Author: Guest Blogger, Jeff Joutras, an Executive Director of The John Maxwell Team
Perhaps you’ve heard the phrase “Servant Leadership” which has been bandied about for sometime now. Some of the most famous servant leaders include Martin Luther King Jr., Mother Theresa, Nelson Mandela and Mahatma Gandhi. Those examples should help put the phrase in perspective for you and give you a good sense of what it is based on the life they lived.
Robert Greenleaf first brought Servant Leadership to the modern era in a paper back in 1970, fifty years ago, when he was working with AT&T®. Robert Greenleaf railed against the pervasive authoritarian leadership styles of his day.
“A new moral principle is emerging, which holds that the only authority deserving of one’s allegiance is that which is freely and knowingly granted by the led to the leader in response to, and in proportion to, the clearly evident servant stature of the leader. Those who choose to follow this principle will not casually accept the authority of existing institutions. Rather, they will freely respond only to individuals who are chosen as leaders because they are proven and trusted as servants.” – Robert Greenleaf
To be honest, I haven’t really thought much about the phrase Servant Leadership until recently, and I’ve served in multiple leadership capacities for over thirty-five years. Although, I’ve certainly worked alongside and for what I would consider many “servant leaders.”
One of the definitions of the word ‘servant’ is “a devoted and helpful follower and supporter”. At first glance, the term servant and leader don’t seem to go together. Do they?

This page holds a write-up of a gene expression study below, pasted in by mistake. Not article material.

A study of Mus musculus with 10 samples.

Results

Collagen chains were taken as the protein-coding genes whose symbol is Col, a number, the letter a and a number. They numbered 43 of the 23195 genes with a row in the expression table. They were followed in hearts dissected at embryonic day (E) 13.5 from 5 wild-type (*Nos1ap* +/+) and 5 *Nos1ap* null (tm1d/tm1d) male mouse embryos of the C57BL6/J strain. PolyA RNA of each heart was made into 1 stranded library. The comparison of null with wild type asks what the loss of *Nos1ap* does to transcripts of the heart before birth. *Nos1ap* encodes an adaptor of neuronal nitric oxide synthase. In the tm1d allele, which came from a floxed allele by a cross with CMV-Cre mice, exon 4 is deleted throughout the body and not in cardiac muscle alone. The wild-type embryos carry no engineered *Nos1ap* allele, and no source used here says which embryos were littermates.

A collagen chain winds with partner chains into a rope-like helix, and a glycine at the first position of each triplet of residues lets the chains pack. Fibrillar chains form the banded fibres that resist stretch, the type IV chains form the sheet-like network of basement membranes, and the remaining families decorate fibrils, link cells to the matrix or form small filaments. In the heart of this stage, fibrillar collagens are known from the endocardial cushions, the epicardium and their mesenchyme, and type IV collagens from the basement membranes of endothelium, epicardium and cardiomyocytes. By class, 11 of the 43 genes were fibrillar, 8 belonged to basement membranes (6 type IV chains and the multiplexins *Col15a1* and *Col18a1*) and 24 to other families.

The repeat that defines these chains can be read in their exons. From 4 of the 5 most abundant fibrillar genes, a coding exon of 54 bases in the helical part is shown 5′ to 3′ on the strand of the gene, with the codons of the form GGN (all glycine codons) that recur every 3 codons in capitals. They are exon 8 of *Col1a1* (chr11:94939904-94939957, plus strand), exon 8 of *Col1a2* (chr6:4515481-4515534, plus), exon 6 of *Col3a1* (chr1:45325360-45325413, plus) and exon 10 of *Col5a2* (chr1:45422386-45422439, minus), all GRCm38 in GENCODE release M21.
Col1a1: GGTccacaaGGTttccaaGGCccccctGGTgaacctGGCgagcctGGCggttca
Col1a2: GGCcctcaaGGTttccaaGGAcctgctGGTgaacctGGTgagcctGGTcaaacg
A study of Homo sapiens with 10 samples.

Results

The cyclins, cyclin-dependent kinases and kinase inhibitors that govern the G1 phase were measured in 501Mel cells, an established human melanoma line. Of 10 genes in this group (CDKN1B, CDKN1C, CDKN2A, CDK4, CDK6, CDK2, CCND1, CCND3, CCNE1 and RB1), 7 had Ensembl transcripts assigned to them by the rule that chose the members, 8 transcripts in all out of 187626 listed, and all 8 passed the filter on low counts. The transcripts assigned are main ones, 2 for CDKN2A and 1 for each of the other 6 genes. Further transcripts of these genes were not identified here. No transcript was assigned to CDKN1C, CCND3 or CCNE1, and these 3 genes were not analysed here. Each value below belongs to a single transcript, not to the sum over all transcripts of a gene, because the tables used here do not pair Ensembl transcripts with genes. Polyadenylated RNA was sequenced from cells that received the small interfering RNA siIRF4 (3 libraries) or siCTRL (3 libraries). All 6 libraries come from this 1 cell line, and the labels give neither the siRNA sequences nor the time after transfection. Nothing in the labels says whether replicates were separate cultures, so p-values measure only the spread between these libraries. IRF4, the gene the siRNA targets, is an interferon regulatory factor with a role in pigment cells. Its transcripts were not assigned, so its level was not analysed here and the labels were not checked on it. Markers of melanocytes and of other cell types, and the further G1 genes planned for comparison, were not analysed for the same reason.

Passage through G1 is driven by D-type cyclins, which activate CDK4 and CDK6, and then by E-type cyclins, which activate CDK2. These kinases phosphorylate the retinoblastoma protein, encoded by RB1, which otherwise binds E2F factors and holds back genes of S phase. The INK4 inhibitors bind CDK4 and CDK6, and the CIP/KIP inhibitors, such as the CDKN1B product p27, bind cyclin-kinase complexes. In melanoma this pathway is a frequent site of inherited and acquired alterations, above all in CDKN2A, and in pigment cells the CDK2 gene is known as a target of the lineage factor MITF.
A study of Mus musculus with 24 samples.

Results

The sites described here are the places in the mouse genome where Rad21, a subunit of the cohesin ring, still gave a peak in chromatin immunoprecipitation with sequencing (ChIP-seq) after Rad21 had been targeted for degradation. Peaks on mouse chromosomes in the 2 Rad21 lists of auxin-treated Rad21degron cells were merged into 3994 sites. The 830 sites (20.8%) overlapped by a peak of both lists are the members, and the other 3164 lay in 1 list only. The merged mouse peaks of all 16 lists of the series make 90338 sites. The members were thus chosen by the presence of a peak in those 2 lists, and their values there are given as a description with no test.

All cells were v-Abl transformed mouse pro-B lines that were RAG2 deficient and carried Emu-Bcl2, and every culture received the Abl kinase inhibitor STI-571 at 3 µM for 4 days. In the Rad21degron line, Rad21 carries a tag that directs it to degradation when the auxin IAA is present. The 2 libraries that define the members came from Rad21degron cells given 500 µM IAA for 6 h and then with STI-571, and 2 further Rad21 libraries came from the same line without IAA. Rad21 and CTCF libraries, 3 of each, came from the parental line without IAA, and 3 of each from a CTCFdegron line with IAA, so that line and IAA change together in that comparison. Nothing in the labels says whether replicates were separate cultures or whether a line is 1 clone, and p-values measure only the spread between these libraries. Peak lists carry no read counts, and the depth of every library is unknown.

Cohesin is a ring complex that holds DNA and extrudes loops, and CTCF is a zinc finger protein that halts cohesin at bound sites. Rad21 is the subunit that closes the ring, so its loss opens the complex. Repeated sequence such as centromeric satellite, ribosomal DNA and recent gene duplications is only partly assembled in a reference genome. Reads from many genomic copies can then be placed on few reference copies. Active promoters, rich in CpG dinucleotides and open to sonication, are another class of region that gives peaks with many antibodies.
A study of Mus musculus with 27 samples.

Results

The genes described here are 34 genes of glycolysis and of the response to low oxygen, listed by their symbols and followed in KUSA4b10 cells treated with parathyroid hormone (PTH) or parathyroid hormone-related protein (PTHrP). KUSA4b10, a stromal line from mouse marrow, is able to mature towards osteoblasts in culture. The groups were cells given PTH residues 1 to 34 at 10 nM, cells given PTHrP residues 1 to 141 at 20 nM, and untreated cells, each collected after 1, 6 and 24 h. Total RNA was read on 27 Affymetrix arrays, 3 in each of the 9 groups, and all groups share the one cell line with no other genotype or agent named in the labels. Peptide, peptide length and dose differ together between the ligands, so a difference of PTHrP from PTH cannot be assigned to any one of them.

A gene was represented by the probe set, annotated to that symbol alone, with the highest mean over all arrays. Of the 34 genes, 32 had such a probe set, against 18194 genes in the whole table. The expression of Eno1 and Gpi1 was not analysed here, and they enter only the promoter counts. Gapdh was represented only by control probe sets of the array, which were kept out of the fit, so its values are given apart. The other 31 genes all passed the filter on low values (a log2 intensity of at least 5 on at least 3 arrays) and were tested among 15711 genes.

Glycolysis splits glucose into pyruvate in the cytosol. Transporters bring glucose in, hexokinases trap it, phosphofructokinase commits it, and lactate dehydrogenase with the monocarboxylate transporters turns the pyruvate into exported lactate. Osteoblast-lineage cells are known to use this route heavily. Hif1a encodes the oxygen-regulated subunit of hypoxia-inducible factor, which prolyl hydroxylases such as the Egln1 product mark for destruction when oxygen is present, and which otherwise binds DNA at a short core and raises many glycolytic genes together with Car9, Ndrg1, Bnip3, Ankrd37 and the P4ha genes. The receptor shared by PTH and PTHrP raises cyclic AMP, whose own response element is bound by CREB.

How can you and I become a “helpful follower and supporter” to our co workers, our community, our organization and yet lead at the same time? Greenleaf suggests leaders need to serve first.
Have you ever worked for someone who seemed to do things for you, was helpful to you in ways you didn’t expect or looked out for your interests? If you did, then they were probably a servant leader.
A servant leader is someone who isn’t concerned with their title or position, but is more concerned with assisting and putting the needs of other people before their own. They have an unselfish mindset.
Servant Leaders are willing to work alongside you. For some leaders this may seem paradoxical, because many leaders feel the need to “control’, but in reality, by letting go, by looking out for others, they actually end up harnessing the talents of their staff in ways they never could have imagined.
I know the servant leaders I worked with and for, I was willing to do more for them because of what they had done for me.
Here’s a brief Servant Leadership roadmap you may want to consider:
Servant Leadership is needed more today than ever. Perhaps you and I won’t be the next Martin Luther King, Jr. or the next Mother Theresa, but we can all serve. Servant Leadership should be the model we live. It’s timeless. It’s worthwhile.
As an Executive Director of The John Maxwell Team, Jeff is certified to facilitate, speak, train and coach individuals and groups in the areas of leadership development, professional skills and personal growth.
Trained and mentored by John Maxwell and mentors of his world-class faculty, Jeff helps individuals and teams improve their productivity, performance and profitability. For more information, please visit Jeff’s website: Step Forward Into Growth.
FarWell Culture Alignment experts help match up an organization’s mission and values with employee and customer experience across an organization.
FarWell trains leaders and employees through the transition promoting adoption. We lead sessions on values, methods and expectations.
Reach out to FarWell to learn more about how to adopt Servant Leadership as a practice across an organization.